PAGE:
2 excerpts: … Why is it that Muslims appear to find it so difficult to see anything positive in Western secularism? Are we so different after all?
There are some Islamic movements that are serious in their call for the complete integration of religion and state, with religion predominating in public life as in private. Additionally, in the languages of some Muslim populations, the discussion is made almost impossible by the fact that the word used for secularism translates into English as “no religion” or “without religion.” This is the case, for example, in Urdu, whereas the original meaning of the word was simply “that which has to do with this world, as opposed to the next.”
Once one gets underneath the surface of the topic, though, things become more complicated. And they differ from country to country. Saudi Arabia is not Egypt is not Iran is not Pakistan is not Syria, and so on.
Certainly, Muslims do not like a lot of what they view as being Western: the loneliness of the individual, the breakdown of the family, the destruction wrought by drug addiction, random violence, recreational sex. Of course, they are not alone in feeling these concerns, and it is natural to conclude that they are the result of the decline of religion. But this interpretation has also been popularized by Western media, especially by American films which everyone can now see on satellite television.
But there are other perspectives. In the mid-1920s, the Egyptian scholar Ali Abd al-Raziq, a professor at Al-Azhar, published a book entitled “Islam and the Roots of Government.” In it he argued that the Prophet Mohammad had founded a religion, not a state, so religion should not determine state structures today. The book was immediately condemned and, we are told by most Islamic scholars, is no longer of interest. But it has remained continuously in print since then and can still be bought in Cairo bookshops. So someone must be reading it (dailystar) …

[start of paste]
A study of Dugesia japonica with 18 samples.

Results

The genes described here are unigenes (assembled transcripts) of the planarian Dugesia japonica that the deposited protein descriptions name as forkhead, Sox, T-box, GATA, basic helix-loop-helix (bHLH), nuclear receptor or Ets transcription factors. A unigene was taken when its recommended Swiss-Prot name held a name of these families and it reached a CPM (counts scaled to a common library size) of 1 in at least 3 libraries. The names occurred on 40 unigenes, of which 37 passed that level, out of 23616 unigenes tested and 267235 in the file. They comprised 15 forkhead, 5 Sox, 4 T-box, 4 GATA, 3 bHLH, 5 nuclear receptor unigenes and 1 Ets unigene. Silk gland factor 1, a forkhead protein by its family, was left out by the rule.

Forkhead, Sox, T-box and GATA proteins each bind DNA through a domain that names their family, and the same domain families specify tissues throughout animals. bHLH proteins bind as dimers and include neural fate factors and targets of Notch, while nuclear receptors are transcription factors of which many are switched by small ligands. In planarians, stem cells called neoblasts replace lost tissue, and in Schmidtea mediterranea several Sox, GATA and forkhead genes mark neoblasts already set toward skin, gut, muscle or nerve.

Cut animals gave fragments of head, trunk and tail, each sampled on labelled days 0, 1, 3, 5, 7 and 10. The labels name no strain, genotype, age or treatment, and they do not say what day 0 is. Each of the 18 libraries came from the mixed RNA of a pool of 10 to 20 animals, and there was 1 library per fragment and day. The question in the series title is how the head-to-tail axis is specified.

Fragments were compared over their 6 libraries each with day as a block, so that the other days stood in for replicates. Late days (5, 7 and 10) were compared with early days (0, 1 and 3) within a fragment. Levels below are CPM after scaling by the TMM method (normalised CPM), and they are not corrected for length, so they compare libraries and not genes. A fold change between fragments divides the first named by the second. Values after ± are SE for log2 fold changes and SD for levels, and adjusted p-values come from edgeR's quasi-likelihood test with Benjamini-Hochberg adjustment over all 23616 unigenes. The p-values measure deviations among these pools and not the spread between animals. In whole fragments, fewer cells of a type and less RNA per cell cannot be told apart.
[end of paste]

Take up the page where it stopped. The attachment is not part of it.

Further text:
… Today, the only effective challenge to this inheritance, many Muslims believe, comes from Islamist movements, and people arguing for a secular perspective run the constant danger of being accused of collaboration with the West. It is this that makes it more likely that many will tilt away from modern, pluralistic secularism toward a religious political system.
Jorgen S. Nielsen is director of the Danish Institute of Damascus and a professor of Islamic Studies at the University of Birmingham in the United Kingdom. This article is part of a series on secularism and Muslim-Western dialogue distributed by the Common Ground News Service. (full text).